How to spot a phishing email

“Greetings of the day! I am Nigerian PRINCE, and I have named you the benefiter of a legacy inherited to me of $17,500,000.”

So begins a typical phishing email, of the sort we’ve all received at one time or another.

We tend to dismiss these unsolicited communiques as fairly benign – just the latest evolution of spam mail.

However, as cybercrime has evolved and expanded over the last 25 years, phishing campaigns have become increasingly adept at creating a sense of urgency.

Even astute individuals occasionally fall for well-developed phishing campaigns, named after the technique of casting a wide net in the hope something ends up snared in it.

Businesses are constantly being impersonated, with corporate logos and even unsubscribe links copied and pasted from legitimate mails into fraudulent ones.

Display names rarely tell the whole story of an email’s origins, so a message from “Apple” might not actually be authentic.

Phishing messages encourage recipients to click on links which will take them to a compromised website, or open attachments that install malware onto their device.

Fortunately, despite rising levels of subtlety, phishing emails often contain tell-tale warning signs all is not as it seems:

Spelling and grammar issues. Phishing campaigns tend to originate in third-world countries, where public agencies are ill-equipped to tackle cybercrime.

Messages are therefore written by people who don’t speak English as a first language, which explains the proliferation of spelling, grammar and punctuation errors.

You don’t need an English degree to know your bank would never send a message saying “it have come to our attention”, or finishing a sentence with two exclamation marks.

Poor formatting. This takes various forms, from overlapping text and different font styles to missing images and pixellated logos.

While some phishing emails are well-designed, most are cobbled together by people with limited software and a rudimentary knowledge of HTML coding.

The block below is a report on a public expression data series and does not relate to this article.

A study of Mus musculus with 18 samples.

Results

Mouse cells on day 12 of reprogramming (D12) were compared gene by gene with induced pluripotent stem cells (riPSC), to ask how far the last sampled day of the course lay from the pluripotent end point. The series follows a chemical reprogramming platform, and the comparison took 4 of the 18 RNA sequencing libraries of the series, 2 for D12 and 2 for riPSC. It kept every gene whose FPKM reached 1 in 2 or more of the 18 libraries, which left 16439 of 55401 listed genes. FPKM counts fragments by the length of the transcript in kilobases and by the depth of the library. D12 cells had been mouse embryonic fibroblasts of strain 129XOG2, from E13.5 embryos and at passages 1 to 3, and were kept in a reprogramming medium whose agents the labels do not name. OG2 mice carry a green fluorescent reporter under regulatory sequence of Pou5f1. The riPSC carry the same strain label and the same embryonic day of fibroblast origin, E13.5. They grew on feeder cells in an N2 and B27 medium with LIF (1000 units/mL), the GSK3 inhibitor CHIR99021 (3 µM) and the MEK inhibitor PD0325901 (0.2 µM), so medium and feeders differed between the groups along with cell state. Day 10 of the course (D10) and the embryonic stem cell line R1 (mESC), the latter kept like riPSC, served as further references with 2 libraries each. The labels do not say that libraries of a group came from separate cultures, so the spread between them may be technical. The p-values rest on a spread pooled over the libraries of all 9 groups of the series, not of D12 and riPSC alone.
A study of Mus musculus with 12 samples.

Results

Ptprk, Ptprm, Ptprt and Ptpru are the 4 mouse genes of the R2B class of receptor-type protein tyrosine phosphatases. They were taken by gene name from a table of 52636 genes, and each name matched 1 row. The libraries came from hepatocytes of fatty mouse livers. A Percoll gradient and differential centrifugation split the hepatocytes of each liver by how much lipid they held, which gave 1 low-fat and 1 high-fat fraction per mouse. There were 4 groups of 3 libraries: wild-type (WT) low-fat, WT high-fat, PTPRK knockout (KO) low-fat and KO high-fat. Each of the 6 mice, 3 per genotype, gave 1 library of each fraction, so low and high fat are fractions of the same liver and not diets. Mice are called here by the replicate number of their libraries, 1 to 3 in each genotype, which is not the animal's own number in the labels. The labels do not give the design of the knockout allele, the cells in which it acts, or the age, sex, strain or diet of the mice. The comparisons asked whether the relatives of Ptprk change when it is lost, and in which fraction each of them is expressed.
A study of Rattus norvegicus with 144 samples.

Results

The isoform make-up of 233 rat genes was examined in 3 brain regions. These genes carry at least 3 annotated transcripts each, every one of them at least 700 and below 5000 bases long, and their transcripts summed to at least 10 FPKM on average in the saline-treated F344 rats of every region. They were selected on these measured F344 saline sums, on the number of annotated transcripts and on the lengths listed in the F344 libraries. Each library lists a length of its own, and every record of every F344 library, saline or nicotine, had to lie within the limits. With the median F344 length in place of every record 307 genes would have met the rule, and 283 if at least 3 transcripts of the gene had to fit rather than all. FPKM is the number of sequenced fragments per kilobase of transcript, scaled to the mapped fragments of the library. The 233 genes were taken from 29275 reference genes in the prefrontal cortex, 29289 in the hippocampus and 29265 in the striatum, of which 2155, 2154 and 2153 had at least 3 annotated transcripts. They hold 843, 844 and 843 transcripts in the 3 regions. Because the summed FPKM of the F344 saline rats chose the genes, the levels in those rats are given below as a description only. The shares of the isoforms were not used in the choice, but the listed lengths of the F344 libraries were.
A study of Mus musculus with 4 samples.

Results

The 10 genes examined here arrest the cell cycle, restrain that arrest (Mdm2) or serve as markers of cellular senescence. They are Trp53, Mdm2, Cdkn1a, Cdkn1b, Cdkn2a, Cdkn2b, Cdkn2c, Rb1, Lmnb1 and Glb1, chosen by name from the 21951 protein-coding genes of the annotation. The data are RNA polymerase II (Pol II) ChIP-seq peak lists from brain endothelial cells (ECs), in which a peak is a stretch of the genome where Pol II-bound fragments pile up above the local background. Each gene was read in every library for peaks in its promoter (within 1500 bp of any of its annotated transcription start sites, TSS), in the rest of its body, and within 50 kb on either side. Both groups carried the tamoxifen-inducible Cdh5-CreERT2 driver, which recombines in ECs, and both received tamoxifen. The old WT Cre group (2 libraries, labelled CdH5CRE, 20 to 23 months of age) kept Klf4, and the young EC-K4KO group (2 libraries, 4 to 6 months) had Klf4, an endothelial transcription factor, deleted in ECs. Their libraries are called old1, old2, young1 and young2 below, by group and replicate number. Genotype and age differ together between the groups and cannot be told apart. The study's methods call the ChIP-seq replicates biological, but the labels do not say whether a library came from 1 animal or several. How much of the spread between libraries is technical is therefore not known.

Be wary of text-only emails containing blue hyperlinks, since these are often designed to take people onto compromised webpages, or begin the download of keystroke-logging malware.

Obscure sender addresses. It’s easy to adjust the display name when an email is received, but it’s far harder to disguise which account the message was sent from.

An email supposedly sent by BT might actually be from winfreesave2015@qwertyuiop.ng. Foreign country code TLDs like .cn and .ru should always be approached with care.

Hovering your mouse over the From field in certain email packages will reveal the sender’s address. In the example above, you’d expect an email sent by BT to end in bt.com.

Obscure recipient addresses. The issues with sender identification also apply to a message’s recipients.

Phishing emails tend to be Bcc’d to hundreds of people, while a generic address appears in the To field.

This undermines the plausibility of any message purporting to be targeting an individual, especially if the email’s body text starts “Dear Customer” or even “Hi”.

Unusual requests. Phishing aims to achieve financial gain, usually by acquiring confidential information to use for fraudulent purposes.

Be suspicious of any email asking you to confirm account, password or login credentials, particularly if it relates to a financial services or ecommerce platform.

Never click a link to reset your password unless you’ve just asked to change it – if in doubt, type the company’s web address into your browser rather than following a link.

Threats. There’s a growing trend for blackmail phishing, where criminals claim to have hijacked the message recipient’s webcam.

The sender claims to be in possession of footage showing the recipient watching online pornography, and threatens to publish this footage online unless a ransom is paid in bitcoin.

This is an unusually direct form of phishing, often accompanied by false claims about knowing the victim’s password.

Vigilance is your best weapon

We’re all busy people, and checking our email has become so commonplace that it’s often done without paying full attention.

In these distracted circumstances, it’s surprisingly easy to open an infected attachment and unleash a malware attack.

Given the record levels of cybercrime currently being reported, checking inboxes isn’t something to be done while multitasking or daydreaming.

A single misplaced mouse click could compromise the security of your web browser or device, adding your name to next year’s list of phishing victims.